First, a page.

American Society of Naturalists

A membership society whose goal is to advance and to diffuse knowledge of organic evolution and other broad biological principles so as to enhance the conceptual unification of the biological sciences.

“Correlated evolution of sex allocation and mating system in wrasses and parrotfishes”

Posted on

Jennifer R. Hodge, Francesco Santini, and Peter C. Wainwright (July 2020)

Size advantage drives the evolution of sex change in an iconic group of sex changing fishes (Labridae)

Read the Article (Just Accepted)

Male size advantage promotes the evolution of sex change from female to male

An organism that changes functional sex during the course of its reproductive life is known as a sequential hermaphrodite. This type of sex change occurs in a variety of animals and plants, but among vertebrate animals it is only found in some fishes. Theory predicts that sequential hermaphroditism should evolve in animals when, for a given sex, reproduction is more effective at a certain size (the size-advantage model). For example, when large males maintain social status by monopolizing access to resources or females, the reproductive success of small males is suppressed, and sex change from female to male is predicted. This is the theory, but until now we lacked empirical evidence that sex change evolves as a consequence of size advantage.

Working at the University of California, Davis, Jennifer Hodge and colleagues analyzed the different forms of sex allocation and mating expressed by wrasses and parrotfishes – the second largest family of marine fishes and a model system for studies of sequential hermaphroditism. Accounting for evolutionary history, they find that female-to-male sex change has evolved in response to mating systems characterized by male size advantage. They also find that the mating system with the strongest male size advantage favors the most pronounced expression of hermaphroditism in which all males are derived via sex change. Once evolved, this combination of mating and sex allocation is rarely lost. The authors suggest the reason that male size advantage is able to alter selection in favor of sex change in fishes is likely because their gonads develop from a single type of tissue, rather than from two as in most vertebrates, resulting in plastic sex determination.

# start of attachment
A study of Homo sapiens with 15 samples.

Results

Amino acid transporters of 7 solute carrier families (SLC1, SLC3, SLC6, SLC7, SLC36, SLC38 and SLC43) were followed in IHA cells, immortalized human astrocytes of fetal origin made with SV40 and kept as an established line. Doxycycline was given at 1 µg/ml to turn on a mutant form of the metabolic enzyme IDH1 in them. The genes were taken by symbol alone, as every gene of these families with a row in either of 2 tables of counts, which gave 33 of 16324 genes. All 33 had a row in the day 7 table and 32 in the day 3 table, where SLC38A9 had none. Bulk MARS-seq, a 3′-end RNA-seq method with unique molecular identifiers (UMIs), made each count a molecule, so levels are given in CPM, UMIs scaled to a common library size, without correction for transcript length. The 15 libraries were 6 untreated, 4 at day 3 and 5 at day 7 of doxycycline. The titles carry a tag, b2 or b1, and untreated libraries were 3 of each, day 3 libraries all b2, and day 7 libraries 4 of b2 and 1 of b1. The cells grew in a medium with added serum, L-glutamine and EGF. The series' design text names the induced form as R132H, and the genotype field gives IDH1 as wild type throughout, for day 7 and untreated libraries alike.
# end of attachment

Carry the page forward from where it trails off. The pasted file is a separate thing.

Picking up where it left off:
This study provides important insight into why sex change evolves and the mechanisms that are required to sustain it.


In accordance with predictions of the size-advantage model, comparative evidence confirms that protogynous sex change is lost when mating behavior is characterized by weak size advantage. However, we lack comparative evidence supporting the adaptive significance of sex change. Specifically, it remains unclear whether increasing male size advantage induces transitions to protogynous sex change across species, as it can within species. We show that in wrasses and parrotfishes (Labridae), the evolution of protogynous sex change is correlated with polygynous mating, and that the degree of male size advantage expressed by polygynous species influences transitions between different types of protogynous sex change. Phylogenetic reconstructions reveal strikingly similar patterns of sex allocation and mating system evolution with comparable lability. Despite the plasticity of sex determination mechanisms in labrids, transitions trend towards monandry (all males derived from sex-changed females), with all observed losses of protogyny accounted for by shifts in the timing of sex change to prematuration. Likewise, transitions in mating system trend from the ancestral condition of lek-like polygyny toward greater male size advantage, characteristic of haremic polygyny. The results of our comparative analyses are among the first to confirm the adaptive significance of sex change as described by the size-advantage model.